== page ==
Wealth managers have flooded into global funds at the expense of buying portfolios in different regions, something Temple Bar investment trust manager Ian Lance said was “a big mistake”.
As wealth managers have been merging and getting bigger they have become “very sensitive” about their returns per client being within the same ballpark, he explained. “They don't want one client getting one return and another similar client getting a completely different return.”
This means that investment committees will come up with asset allocation models and everyone ends up following the same blueprint, which has resulted in a big switch to global that can’t be reeled back.
“I can't see a world in which the wealth managers suddenly decide to get back to regional having spent the past five years going global,” he said.
He has known frustration especially well in the past year, when his positive performance hasn’t been enough to retain investors.
“That's frustrating, because we've done a really good job for people and clearly they are still just dumping the shares,” he said. “It’s been a very satisfying year in some ways, and yet it doesn't feel like we're much appreciated.”
The trust has been in the top quartile of the IT UK Equity Income sector over one and three years, making 3.8% and 49.3% respectively, against 0.6% and 16.7% for the average peer, although has struggled over longer periods.
Performance of fund vs sector and index over 1, 3, 5 and 10 years
Source: FE Analytics
“Performance-wise, undoubtedly it has been a very good year. We've made some good returns. With our open-ended funds, we have one of the best-performing income funds in the entire sector over the past year or so. And yet, it's still an odd environment,” the manager said.
“With Temple Bar, we're at a 6% discount and the reason why it's only 6% is because we are basically sat there buying back shares every day.”
This isn’t just Lance’s chagrin – the whole investment companies industry has been plagued with huge discounts, driving some managers to desperately buy back shares despite little evidence that they work.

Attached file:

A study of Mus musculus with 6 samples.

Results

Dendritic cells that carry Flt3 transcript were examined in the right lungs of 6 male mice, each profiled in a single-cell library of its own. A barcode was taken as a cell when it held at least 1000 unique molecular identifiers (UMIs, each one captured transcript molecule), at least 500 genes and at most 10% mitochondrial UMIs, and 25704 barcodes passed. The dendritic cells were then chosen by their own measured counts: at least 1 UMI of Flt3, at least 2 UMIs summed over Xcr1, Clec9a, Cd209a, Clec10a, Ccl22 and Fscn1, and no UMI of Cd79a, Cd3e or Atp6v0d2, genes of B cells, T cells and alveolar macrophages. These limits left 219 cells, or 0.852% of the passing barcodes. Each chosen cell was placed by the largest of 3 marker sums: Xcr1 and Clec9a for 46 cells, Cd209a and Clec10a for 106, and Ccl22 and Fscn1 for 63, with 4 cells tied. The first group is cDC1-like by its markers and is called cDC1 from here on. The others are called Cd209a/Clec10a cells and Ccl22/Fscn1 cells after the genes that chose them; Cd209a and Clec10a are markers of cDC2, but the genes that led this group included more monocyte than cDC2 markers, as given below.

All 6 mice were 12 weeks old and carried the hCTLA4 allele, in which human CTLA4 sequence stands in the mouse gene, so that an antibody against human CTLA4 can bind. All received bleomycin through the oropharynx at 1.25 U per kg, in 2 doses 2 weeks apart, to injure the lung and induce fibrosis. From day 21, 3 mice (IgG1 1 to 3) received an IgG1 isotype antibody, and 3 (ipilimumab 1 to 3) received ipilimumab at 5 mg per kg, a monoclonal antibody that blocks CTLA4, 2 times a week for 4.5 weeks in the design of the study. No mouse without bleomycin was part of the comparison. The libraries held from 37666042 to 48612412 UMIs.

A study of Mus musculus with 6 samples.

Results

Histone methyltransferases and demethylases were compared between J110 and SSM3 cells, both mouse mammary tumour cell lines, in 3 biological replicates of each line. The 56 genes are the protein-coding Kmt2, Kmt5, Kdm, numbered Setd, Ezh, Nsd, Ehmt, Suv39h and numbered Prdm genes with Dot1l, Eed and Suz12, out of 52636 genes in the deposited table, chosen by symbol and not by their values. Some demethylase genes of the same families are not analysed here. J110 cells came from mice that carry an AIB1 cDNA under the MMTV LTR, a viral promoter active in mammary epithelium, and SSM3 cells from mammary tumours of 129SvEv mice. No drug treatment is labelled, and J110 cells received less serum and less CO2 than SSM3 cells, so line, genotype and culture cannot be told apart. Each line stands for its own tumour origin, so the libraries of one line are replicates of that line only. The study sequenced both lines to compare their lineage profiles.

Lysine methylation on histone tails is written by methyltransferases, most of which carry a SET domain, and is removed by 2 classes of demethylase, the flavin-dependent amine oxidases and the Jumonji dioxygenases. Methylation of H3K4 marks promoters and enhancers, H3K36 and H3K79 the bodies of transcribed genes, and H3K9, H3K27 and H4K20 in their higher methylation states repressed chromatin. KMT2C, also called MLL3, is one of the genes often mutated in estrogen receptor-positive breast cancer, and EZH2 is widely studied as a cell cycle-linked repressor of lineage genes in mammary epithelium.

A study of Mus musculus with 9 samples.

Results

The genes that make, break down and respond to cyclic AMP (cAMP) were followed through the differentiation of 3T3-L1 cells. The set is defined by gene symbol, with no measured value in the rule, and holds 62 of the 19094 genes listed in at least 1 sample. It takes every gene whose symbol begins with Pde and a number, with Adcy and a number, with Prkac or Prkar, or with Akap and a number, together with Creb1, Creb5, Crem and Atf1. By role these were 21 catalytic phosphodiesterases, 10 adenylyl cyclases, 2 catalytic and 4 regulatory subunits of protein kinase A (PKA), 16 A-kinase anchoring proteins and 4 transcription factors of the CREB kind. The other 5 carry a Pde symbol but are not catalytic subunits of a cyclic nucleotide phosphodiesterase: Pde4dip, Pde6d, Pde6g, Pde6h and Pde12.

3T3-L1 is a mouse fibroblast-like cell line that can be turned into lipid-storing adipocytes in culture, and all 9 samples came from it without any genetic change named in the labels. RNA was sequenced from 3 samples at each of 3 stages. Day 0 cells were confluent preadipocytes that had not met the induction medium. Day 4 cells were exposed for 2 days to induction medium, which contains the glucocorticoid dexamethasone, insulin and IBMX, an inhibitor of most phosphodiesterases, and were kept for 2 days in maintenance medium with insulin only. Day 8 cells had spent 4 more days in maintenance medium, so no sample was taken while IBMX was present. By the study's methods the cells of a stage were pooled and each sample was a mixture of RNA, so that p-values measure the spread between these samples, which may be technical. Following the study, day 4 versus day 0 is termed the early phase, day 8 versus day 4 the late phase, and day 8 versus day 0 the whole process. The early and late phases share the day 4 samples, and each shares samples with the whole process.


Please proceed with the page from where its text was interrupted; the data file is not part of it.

But on the open-ended side, the Redwheel UK Equity Income fund has also had “quite a number of redemptions throughout the year”, which the managers said is “really frustrating in an environment where we've put out some really good returns and the funds are really well positioned and very cheap.”
Part of that money, he suggested is going into fixed income, as people are going back to bonds now paying high yields for the first time in more than a decade. The other reason given was the switch from UK and regional funds to global portfolios – something he argued “is a big mistake”.
“Around 70% of global is the US now, and the US stock market has pretty much never been more expensive than it is today. Selling the UK to buy the US is just a bad thing to do at the moment.”
This leads to the question: What is going to drive the returns in the UK market for the next couple of years? While Lance has been unable to answer this in recent months, he finally does have an answer. “Share buybacks”.
Lance said often company CEOs sat in front of him will have their head in their hands and say: ‘My business is going well you know, we're growing, I've got a strong balance sheet. Why on earth am I trading on a price-to-earnings ratio of five and a dividend yield of eight?’
“And I don't know, life's not fair. But rather than get frustrated about it, we tell them to use it to their advantage, which means to buy back their own stock,” he noted.
Number of companies with buyback over 1% of total market cap/ total number of companies
Source: Redwheel, AlphaSense, Morgan Stanley.
The chart above shows how many companies have bought back their shares in the past 12 months, and the for the UK, that’s 50%, “way higher than any other market in the world”.
“Finally companies have woken up to the idea that there's not going to be this big wall of money coming back from the US to come here and buy the likes of Marks and Spencer,” said Lance.
“There's about £1bn a week of buybacks going through the UK market at the moment, which is what, ultimately, will drive returns.”